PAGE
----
Systemic change has got a “big sister” called collective impact. You’ve read about it often on .famvin. And formation — history and spirituality — well, you know, it’s just our thing! The Vincentian Family at Rome was privileged to hear Vincentian Fr. Dennis Holtschneider speak on these two issues.

Dennis H. Holtschneider, C.M.

A few thoughts on collective impact from his talk at the Symposium called, “From Here to Where?”

Back in 2011, John Kania and Mark Kramer published a seminal article in the Stanford Social Innovation Review called “Collective Impact.”[4] In it, they spoke of partnerships as not being enough. What’s needed for true social impact, they discovered, was partnerships where (1) everyone who needed to be at the table was at the table; (2) where a common agenda was forged; (3) where individual organizations were willing to let go of control, adjust their own work so that the whole project could be successful, and even accept very specific assignments from the whole; (4) where people were willing to measure not only accomplishment, but all the key components that would eventually contribute or hinder that success; (5) where everyone involved was in constant communication so that activity could remain aligned and coordinated, (6) where a very strong and smart “backbone” organization drove all the activity, and (7) where everyone agrees that they will learn along the way and adapt the work based on what they learn.

That article is changing philanthropy in the United States, and encouraging broad coalitions in cities and elsewhere to come together to undertake large, complicated social goals. No single group ever had a prayer of addressing school reform, or environmental change or poverty. But together, collective impact is showing promise.[5] Collective Impact is far more than simply partnering. It’s a new way of working together to achieve very big goals, and I believe it holds great promise of organizations like ours as we take stock at 400 years and ask “From Here to Where?”

And formation? An important question he raised was who will do it in the future? Who will be the storytellers and the wisdom figures?

That story-telling has been made possible all these years by actual historians. Men and women – predominantly priests and sisters – who learned the original languages, read all that has been written by those who came before us, and earned graduate degrees in history so they understood the context of the time and thereby understood the Vincentian contribution. Those historians have been a magnificent gift to us, and whether or not any of us ever had the honor of hearing them speak, those who DID tell us our history relied on THEIR writings, THEIR translations, THEIR mentoring and training, THEIR tours of Paris. Those historians have not been many, but they have been a critical link for us. We must make certain that there are historians for the future, and those historians will not likely be priests or sisters. For the next hundred years, it becomes the responsibility of the Vincentian lay organizations to train, hire and fund historians. We don’t need many at any given time, but we need a few at all times, and hopefully able to speak the various languages that our members use.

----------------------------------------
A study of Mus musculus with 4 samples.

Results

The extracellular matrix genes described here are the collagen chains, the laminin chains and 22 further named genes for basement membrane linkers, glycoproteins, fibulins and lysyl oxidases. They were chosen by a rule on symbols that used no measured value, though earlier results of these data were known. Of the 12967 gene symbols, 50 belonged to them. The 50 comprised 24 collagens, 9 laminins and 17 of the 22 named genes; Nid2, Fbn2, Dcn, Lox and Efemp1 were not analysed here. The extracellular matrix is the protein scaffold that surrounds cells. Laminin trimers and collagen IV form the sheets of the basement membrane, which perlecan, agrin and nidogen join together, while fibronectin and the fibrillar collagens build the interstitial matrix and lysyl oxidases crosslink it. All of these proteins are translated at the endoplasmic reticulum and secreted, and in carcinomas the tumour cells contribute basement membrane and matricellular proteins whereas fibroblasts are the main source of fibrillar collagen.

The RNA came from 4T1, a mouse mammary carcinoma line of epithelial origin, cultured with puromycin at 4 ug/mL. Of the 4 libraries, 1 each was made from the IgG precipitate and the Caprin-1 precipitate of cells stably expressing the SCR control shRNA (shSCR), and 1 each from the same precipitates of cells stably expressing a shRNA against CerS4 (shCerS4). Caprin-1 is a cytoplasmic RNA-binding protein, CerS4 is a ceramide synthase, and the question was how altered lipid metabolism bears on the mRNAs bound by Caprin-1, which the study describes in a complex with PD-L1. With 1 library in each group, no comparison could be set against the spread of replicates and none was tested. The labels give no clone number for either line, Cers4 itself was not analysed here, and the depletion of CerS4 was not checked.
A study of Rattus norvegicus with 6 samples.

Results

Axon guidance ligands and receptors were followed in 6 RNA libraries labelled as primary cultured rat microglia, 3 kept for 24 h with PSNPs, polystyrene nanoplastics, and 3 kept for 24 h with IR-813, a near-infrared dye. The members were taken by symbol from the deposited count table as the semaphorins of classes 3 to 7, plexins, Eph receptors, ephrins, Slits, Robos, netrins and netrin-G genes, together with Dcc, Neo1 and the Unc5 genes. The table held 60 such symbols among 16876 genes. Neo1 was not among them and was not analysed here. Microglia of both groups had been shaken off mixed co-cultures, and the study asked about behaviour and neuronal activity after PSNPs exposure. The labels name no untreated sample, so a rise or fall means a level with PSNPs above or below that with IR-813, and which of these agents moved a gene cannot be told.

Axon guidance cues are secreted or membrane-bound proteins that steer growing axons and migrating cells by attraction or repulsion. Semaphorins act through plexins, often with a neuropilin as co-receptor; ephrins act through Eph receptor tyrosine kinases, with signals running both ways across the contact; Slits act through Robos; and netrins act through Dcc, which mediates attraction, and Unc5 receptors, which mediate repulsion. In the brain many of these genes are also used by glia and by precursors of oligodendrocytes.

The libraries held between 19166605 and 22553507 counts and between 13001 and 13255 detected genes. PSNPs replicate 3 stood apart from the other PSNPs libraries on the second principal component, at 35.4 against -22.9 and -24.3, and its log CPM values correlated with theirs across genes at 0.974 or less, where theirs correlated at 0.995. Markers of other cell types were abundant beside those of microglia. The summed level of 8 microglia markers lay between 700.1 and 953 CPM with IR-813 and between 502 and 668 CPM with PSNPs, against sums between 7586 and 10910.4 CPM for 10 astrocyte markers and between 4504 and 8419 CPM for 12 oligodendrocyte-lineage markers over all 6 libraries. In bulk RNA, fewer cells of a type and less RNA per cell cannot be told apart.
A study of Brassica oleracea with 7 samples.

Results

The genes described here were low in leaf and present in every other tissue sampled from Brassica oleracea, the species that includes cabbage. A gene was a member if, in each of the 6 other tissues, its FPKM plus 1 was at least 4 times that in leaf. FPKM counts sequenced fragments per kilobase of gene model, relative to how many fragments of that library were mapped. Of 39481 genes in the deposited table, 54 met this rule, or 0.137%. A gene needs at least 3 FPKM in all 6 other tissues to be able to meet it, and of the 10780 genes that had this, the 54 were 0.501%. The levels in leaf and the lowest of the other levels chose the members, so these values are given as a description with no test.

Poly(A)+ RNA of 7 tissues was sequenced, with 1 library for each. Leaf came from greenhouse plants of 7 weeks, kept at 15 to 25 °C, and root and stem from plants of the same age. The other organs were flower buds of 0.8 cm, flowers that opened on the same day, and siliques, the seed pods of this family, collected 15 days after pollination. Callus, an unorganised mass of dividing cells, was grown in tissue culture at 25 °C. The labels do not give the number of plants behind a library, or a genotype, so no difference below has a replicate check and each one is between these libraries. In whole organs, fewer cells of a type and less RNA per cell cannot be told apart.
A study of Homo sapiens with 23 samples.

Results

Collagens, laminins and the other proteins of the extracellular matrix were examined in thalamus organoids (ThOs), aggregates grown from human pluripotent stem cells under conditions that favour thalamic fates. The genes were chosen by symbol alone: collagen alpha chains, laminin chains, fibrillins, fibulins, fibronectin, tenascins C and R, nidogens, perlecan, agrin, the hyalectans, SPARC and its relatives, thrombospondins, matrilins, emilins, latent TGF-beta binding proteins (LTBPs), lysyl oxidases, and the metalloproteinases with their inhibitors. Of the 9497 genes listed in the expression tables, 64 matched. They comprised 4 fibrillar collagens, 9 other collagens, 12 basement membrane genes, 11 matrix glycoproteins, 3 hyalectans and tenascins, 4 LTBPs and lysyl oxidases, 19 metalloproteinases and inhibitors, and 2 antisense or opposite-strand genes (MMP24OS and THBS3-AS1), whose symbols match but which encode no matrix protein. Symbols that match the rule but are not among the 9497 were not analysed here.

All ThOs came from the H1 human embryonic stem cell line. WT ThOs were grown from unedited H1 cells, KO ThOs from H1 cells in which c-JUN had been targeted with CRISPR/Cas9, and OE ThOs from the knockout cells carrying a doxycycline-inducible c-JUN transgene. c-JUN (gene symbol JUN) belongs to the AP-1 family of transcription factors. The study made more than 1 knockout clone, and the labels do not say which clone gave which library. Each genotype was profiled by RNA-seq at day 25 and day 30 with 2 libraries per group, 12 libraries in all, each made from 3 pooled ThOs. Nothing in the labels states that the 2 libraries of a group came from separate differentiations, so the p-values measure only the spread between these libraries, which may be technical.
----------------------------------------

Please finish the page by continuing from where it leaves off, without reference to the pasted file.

The exact same is true for experts in Vincentian Spirituality. Who will inspire us and form our spirits in the century ahead? These could be priests, brothers and sisters. They could also be lay. What matters is that they are trained, and trained well. We need a plan there too. Perhaps like the story of “The Last Jedi” in Star Wars, new Jedi – Vincentian experts – will just appear, but we can’t count on it. We need a plan.

Read his lengthy and important presentation by clicking this highlighted link.